Saturday saw the Colne and Nelson first team travel over to Broughton in what has historically always been a physical contest, and this game proved no different as the home side ran out 24-13 winners.
A strong start by Colne saw Kyle Hargreaves cross the opposition try line in the first couple of minutes, only for the referee to deem it a double move and disallow it.
Colne were camped in the opposition half, and some strong pressure saw Broughton concede a penalty right under the posts, with the resultant kick put firmly between the sticks by Dean Edwards.
In the 15th minute, the very first foray by Broughton anywhere near the Colne try line saw them drop the ball over in the far corner, with the kick not converted.
A further five minutes later Broughton again went over the Colne try line, again with the resultant kick missed, leaving the score 10-3 in Broughton’s favour.
In the 35th minute, some sustained pressure by the Colne forwards saw them make steady progress towards the opposition try line, and it was no more than they deserved when Anthony Minshall forced his way through and put the ball down for Colne’s first try of the game.
The kick was not converted and 10-8 was how it ended at half-time.
From the kick-off, Colne had some good possession and spent a large part of the start of the second half in the opposition territory.
A quick break by Broughton, and a slight indiscretion on the part the Colne defence, saw a penalty try awarded against them, leaving the score 17-8 in Broughton’s favour.
In the 75th minute, skipper Luke Edwards collected the ball from a lineout in the opposition 22, passed the ball to Kyle Hargreaves and then a running maul and some powerful work by the Colne forwards saw Broughton pushed back over their own try line, which allowed Hargreaves to put the ball down and claim the five points.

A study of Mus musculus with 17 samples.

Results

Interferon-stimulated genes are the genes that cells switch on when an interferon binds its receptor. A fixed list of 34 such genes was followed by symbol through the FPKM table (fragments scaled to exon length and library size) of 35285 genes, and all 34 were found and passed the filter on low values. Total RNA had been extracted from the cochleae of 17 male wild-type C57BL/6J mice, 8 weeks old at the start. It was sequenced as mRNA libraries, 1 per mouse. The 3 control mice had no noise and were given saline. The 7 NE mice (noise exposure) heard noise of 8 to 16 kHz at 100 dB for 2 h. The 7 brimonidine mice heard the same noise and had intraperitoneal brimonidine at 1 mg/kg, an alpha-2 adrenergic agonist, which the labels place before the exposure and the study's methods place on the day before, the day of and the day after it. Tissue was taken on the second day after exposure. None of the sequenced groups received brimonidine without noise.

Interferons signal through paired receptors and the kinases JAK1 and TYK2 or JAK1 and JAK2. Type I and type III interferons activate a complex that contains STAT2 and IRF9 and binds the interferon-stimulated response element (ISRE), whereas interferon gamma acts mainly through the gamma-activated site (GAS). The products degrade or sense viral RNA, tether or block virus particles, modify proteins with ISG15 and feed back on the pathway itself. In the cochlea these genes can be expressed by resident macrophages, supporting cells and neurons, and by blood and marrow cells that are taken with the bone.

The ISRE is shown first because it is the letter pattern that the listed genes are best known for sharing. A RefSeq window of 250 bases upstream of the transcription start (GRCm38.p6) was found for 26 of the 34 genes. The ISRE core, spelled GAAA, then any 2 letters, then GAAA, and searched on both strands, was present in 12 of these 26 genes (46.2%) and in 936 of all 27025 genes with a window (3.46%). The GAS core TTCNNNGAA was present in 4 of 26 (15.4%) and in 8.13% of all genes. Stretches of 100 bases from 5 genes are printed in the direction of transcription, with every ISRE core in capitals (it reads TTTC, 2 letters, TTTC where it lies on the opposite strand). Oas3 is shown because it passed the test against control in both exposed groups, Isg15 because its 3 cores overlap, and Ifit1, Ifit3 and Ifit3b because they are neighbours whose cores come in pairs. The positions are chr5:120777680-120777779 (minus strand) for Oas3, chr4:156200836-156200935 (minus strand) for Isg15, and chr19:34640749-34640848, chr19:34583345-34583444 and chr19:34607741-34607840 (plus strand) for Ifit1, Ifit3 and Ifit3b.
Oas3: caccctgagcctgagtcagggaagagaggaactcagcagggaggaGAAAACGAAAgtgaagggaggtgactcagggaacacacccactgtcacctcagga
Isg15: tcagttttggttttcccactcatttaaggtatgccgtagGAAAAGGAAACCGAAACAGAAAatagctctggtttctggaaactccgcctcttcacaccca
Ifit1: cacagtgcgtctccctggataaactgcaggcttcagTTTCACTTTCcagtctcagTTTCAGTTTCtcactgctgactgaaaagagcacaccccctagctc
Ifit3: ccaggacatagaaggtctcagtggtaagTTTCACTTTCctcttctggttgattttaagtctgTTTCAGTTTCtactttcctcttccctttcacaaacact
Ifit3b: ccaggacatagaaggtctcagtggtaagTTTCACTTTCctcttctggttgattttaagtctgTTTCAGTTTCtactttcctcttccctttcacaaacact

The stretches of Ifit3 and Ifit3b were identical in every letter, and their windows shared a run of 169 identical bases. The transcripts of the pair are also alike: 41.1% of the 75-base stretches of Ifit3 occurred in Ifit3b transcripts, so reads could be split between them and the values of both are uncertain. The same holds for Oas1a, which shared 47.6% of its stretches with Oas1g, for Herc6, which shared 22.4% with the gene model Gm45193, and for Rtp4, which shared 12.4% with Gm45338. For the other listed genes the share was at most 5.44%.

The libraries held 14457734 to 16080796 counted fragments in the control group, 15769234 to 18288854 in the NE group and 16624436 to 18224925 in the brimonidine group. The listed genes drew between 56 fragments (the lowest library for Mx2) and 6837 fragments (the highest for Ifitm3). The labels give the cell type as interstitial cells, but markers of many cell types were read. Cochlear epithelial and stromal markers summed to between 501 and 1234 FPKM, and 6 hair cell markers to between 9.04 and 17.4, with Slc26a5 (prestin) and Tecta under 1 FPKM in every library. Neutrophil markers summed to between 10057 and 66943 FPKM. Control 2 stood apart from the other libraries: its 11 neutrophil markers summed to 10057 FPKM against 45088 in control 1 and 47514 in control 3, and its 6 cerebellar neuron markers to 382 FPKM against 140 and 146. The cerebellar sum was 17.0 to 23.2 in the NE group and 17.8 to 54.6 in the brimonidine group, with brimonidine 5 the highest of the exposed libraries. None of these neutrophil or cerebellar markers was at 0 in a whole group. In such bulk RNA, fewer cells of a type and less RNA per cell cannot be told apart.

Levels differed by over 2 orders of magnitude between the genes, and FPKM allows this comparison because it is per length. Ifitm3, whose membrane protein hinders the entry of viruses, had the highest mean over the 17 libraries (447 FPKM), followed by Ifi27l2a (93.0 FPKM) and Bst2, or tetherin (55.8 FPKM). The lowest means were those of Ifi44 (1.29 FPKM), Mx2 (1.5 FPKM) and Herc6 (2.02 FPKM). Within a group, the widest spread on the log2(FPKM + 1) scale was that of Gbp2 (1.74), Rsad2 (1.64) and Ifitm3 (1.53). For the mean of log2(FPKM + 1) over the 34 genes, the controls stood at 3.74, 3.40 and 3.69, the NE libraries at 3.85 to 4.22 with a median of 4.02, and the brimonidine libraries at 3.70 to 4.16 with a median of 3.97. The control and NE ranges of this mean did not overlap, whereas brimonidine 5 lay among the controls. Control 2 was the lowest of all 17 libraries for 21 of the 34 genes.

The kick was not converted.
The last score of the game was by Broughton in the 78th minute, and with the kick being converted, it saw them run out eventual winners 24-13.
There were some hard lessons learnt, but there was still plenty of positives to take into Saturday’s home quarter-final cup tie against Helsby.
l Some 90 years ago, in September 1927, Jack Trafford wrote a letter to the Nelson Leader to ask why there wasn’t a rugger team in the town.
Colner Jim Rushton responded to the letter and informed Mr Trafford about a number of players who lived in Colne, and a meeting was set up to discuss the establishment of a Rugby Club for the two towns.
The first AGM of Colne and Nelson Rugby Club was held on November 21st, 1927 and was chaired by local solicitor TSM Badgery,
That first season of rugby saw the club play 12 games, of which they won five, drew one and lost six, and in the process the team scored 110 points and conceded 108 – fair return for a first season.
And at the end of the season, the club was able to join the Lancashire Rugby Football Union and become a fully official rugby club in April 1928.
All these years later, Colne and Nelson Rugby Club are still playing competitive rugby across the county, while also running coaching and development of a number of youth teams, which will keep the club going in the future.
Being the club’s 90th year, the committee have decided to offer an open invite to all former players to attend a special anniversary celebration at Holt House on Saturday, November 25th.
On the day, the first team will have a game against a Rossendale team, and there will also be a buffet for people to enjoy, and stories to share about the club and it’s members from over the years.
For more information, give club president Bert Lambert a call on 07980248936 or visit www.facebook.com/colnenelsonrufc, www.pitchero.com/clubs/colnenelson or contact club chairman Chris Buck on 07803593536.
Below is a notice from one of the team’s first games in 1928.